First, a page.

Black Cocoa Cauldron Cookies

Black Cocoa Cauldron Cookies

This is a great cookie! It tastes like a brownie, but has a crispy snap. I tweaked the recipe just a bit and used black cocoa. The result is an oreo-esque black {not brown} cookie. Perfect for a halloween weekend project!

How to egg yolk glaze cookies

In fact, this dough was so black, I opted not to flood the cookies with frosting. Instead, I used a simple egg yolk glaze to give the cookies some sheen. The crackle was an added bonus. I couldn't ask for a more appropriate texture for a cauldron or witch's hat. Egg yolk glaze {or polish glaze} is nothing more than beaten egg yolk with a drop of food coloring. I used Americolor super black. One drop is all it takes. Before baking I brushed the glaze on each cookie {avoiding bubbles} and popped them back in the fridge to chill {about 8 minutes}. I've read that you can add another layer of glaze when the cookies come out of the oven to intensify the color, but I didn't need to.

How to make Black Cocoa Cauldron Cookies

I used a 101s tip for the leather hat band and broom ties {easy}. The cauldron flames, on the other hand, took a few tries. I've worked with wet-on-wet icing in the past and dragging a toothpick from color to color is always a fun and rewarding technique. but to get these "hot rod" flames I had to work fast {vroom}. The trick is to use an icing consistency that's not quite flood and not quite 20-second/outline. If you can get your outline to stay put and your flood to stay wet long enough to drag, you've got what it takes. I'm too lazy to have both consistencies on hand, so I found a happy middle and gave it a go. Moving quickly, I outlined the top of my flame with red, then the sides and bottom with orange. I filled from the bottom up with yellow, orange and red. With a scribe tool, I dragged up from the yellow into the orange and back down. Up from the yellow into the red and back down etc. Make 8 strokes and stop. Stop. I mean it, put down your tools and walk away. Don't be tempted to keep dragging. The icing will start to set and it won't be pretty. Trust me, I have the practice cookies to prove it!

TIP: To make straw colored icing use Americolor warm brown and a drop of Americolor avocado

Midnight Cocoa Cutouts

Makes about 36 3" cookies


  • 3 cups all-purpose flour

  • 1 1/4 cups unsweetened black cocoa, King Arthur Flour

  • 1/4 teaspoon kosher salt

  • 1/2 teaspoon ground cinnamon

  • 1 1/2 cups unsalted butter, softened

  • 2 1/2 cups icing sugar

  • 2 large free-range eggs

  • 1 teaspoon pure vanilla extract


  1. In a large bowl, sift together flour, cocoa, salt and cinnamon. Set aside.

  2. Using a stand mixer, cream butter and sugar until pale and fluffy. Beat in eggs and vanilla.

  3. Add flour mixture. cover bowl of mixer with a clean tea towel {to prevent a cloud of cocoa dust} and mix on low speed until thoroughly combined. Divide dough in half, wrap in plastic wrap and chill for about an hour.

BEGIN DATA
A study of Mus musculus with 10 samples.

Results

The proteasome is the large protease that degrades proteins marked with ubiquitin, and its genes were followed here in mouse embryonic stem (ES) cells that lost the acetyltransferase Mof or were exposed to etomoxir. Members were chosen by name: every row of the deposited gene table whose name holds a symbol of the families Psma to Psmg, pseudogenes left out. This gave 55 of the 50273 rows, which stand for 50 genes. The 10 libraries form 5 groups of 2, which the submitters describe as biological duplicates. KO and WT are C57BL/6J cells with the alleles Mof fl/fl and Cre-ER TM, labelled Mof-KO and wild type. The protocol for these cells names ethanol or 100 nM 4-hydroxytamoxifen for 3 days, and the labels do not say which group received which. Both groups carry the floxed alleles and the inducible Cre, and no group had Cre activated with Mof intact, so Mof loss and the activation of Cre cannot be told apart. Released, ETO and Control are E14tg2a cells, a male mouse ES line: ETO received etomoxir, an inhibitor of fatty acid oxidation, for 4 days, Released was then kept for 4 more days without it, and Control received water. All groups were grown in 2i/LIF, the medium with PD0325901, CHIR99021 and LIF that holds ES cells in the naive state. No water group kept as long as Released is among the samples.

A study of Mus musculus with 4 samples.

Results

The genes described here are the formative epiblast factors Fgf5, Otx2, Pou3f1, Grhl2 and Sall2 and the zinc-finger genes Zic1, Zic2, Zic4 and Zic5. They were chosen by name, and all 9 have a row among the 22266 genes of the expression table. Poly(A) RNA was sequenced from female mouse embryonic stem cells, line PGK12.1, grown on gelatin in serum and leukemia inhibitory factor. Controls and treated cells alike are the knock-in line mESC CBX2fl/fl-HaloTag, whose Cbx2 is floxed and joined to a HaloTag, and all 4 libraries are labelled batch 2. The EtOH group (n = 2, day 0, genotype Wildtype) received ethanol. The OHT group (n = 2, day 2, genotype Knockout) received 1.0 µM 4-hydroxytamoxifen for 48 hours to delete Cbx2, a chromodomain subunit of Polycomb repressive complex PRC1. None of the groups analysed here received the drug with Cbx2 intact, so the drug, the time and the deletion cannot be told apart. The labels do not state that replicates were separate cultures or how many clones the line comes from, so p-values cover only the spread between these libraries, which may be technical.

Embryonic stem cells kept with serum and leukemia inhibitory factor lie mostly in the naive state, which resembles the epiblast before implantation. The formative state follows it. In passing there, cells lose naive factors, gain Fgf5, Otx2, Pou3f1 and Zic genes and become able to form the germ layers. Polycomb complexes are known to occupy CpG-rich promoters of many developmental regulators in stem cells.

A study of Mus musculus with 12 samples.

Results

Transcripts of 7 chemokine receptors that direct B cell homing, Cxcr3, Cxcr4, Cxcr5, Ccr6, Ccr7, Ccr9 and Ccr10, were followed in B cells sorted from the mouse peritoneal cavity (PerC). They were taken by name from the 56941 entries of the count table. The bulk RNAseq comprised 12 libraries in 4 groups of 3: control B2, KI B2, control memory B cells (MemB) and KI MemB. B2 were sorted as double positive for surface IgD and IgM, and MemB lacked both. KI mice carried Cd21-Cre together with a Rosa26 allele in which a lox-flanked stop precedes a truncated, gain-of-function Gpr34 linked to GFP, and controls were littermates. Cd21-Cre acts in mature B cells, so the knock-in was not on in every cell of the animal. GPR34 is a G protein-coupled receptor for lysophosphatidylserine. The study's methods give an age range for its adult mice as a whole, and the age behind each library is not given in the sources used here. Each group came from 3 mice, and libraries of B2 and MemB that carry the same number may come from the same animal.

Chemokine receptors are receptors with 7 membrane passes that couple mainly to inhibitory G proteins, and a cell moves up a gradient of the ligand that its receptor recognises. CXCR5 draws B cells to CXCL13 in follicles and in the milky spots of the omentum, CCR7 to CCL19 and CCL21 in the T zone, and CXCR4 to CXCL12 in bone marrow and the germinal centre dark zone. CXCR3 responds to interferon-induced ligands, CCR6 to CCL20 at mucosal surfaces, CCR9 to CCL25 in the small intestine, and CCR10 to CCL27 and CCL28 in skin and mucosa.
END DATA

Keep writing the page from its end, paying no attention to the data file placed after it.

4. Preheat oven to 350º

  5. Roll dough, one disc at a time between two sheets of parchment paper to ⅛” thick. Chill rolled dough in fridge for about 10-15 minutes. [don’t skip this step, it’s worth the time. If you work with chilled dough your edges will be smooth and your cookies will release from the cutters with ease]

  6. Cut dough into desired shapes. Return to the fridge until firm [10-15 minutes ]

  7. Bake for 8-10 minutes, until crisp. Cool in the pan for 5-10 minutes. Transfer to wire rack to cool completely.

Jes Best Royal Icing

Makes enough to decorate 2-3 dozen cookies, depending on size


  • 970 g [2 lb bag] confectioners' sugar, no need to sift

  • 80g [or 8-10 tablespoons] meringue powder (CK or Henry & Henry)

  • 1/2 teaspoon cream of tartar (to keep icing bright white)

  • 1/2 cup water

  • 4 tablespoons water

  • Food coloring (optional)


  1. Using a stand mixer fitted with the paddle attachment, mix sugar, meringue powder and cream of tartar on low for just a bit to incorporate evenly.

  2. Slowly add 1/2 cup water while mixing at a low speed. Add water 1 tablespoon at a time until sugar is just wet.

  3. Scrape sides of the mixing bowl. Increase speed one notch (#2 on Kitchenaid stand mixer). Mix for five minutes. When finished icing should have a matte (not glossy) finish and hold it's shape on the paddle when pulled up/out of the bowl.

  4. Separate into clean, oil-free containers and tint with gel food coloring.

  5. This recipe yields "stiff" consistency for piping details. Add water as needed to achieve flooding consistency.

  6. Keep covered tightly and store for up to a week in a cool dry place or 10 days in the refrigerator. Mix well when ready to use.